Are they legit, or another greenwashing scam? Here's the low-down:
What Makes A Dry Cleaner Green?
It's not PERC.
Just because a dry cleaner claims to be "organic" doesn't mean it's free of toxic chemicals. That's because, scientifically speaking, any chemical is considered to be organic if it contains carbon. So even cleaners that use a solvent like perchloroethylene (PERC), which has been classified by the U.S. Environmental Protection Agency as a probable human carcinogen, can claim to be organic. An ad for "green" dry cleaners doesn't necessarily mean much, either, since there is no standard definition for what makes cleaning green.
Hydrocarbon solvents are in the same boat. Hydrocarbon solvents are petroleum-based, says Sierra Club, and contribute to greenhouse gases by emitting volatile organic compounds (VOCs). Solvents to avoid are: DF2000, PureDry, EcoSolve, Shell Solution 140 HT and Stoddard.
And that GreenEarth method you may have seen around? It does not necessarily translate into 'green-for-the-earth.' GreenEarth cleaners replace PERC with a silicone-based solvent called methyl siloxane or D5, which is similar to the base ingredients used in deodorants and shaving creams. The solvent itself is currently considered safe for the environment because it degrades to sand, water, and carbon dioxide, says the Union of Concerned Scientists, but it has caused cancer in lab animals in EPA studies. In addition, it is manufactured using chlorine, which can generate harmful dioxin emissions.
The good news?
Safe, non-toxic alternatives do exist. And they are just as effective as traditional dry cleaning, minus the negative impacts on the environment.
- Wet-cleaning replaces PERC with carefully controlled amounts of water and special non-toxic biodegradable detergents. Computer-operated equipment helps ensure that your delicate fabrics are cleaned without the risks to human health or the environment.
- Carbon dioxide (CO2) cleaning relies on high pressure to convert carbon dioxide gas into liquid that acts as a carrier for biodegradable soaps. When the washing is complete, the pressure is released, turning the CO2 back into a gas to be used again and again. One drawback: the requisite machinery is expensive, so this method costs more than PERC-based dry cleaning.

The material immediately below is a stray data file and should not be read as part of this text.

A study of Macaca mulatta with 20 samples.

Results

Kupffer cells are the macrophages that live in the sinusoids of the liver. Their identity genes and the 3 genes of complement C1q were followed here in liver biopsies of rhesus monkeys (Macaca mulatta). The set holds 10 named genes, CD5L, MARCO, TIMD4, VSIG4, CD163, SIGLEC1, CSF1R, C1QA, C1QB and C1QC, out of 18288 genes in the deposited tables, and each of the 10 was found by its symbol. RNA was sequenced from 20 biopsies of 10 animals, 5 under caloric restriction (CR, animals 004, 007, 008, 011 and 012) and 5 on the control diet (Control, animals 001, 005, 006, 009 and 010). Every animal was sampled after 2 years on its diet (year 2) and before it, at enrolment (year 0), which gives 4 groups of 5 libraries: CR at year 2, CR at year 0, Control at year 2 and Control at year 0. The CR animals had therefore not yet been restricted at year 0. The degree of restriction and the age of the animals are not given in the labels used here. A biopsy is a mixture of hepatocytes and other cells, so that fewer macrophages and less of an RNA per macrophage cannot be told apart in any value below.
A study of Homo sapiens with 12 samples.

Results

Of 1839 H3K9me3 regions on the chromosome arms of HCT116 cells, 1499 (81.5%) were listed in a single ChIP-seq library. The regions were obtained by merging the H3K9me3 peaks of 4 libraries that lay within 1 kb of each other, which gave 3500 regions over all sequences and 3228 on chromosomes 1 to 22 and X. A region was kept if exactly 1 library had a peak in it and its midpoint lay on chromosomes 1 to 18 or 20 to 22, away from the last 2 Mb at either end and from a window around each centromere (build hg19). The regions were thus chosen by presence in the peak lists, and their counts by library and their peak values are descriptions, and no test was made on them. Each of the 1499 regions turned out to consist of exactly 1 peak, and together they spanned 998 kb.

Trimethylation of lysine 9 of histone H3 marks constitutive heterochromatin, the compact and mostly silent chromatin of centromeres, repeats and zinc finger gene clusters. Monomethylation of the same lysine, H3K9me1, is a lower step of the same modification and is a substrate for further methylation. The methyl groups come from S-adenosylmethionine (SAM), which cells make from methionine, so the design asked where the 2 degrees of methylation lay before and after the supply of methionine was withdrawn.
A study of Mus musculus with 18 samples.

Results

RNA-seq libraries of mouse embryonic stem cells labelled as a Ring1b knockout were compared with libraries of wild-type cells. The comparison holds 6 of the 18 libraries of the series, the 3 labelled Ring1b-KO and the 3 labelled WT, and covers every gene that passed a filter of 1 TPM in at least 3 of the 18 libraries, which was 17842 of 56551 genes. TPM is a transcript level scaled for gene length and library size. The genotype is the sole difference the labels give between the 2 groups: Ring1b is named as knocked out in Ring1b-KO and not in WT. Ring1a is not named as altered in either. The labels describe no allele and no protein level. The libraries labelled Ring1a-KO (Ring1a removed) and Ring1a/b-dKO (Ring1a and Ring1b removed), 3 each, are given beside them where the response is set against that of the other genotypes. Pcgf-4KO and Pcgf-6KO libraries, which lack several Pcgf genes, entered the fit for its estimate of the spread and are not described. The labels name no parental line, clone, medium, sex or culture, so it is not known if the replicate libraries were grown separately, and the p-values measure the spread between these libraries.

If you want to locate the nearest reliably green cleaner, check out this national directory published by Occidental College. It is slightly out of date, but will give you a start, at least, on locating a more eco-friendly dry cleaner.
The U.S. EPA also offers a nationwide list of CO2 and wet cleaners that was compiled in 2003.
Keep in mind that not all "dry clean only" garments need to be professionally dry-cleaned. Green living expert and Care2.com editor Annie Bond provides safe, eco-friendly instructions on hand-washing silk, wool and rayon clothing here. My daughter regularly washes her wool sweaters on the cold, delicate cycle in the washing machine, then line dries them. Cheap, effective.
The most obvious solution of all? Transition your wardrobe to wash-and-wear clothing that requires no dry cleaning. You'll save money on cleaning bills and breathe easier knowing you're reducing your exposure to questionable chemicals.
BONUS: Discover easy, simple ways to clean out your closet this season, and how your wardrobe transition can make a world of a difference, here.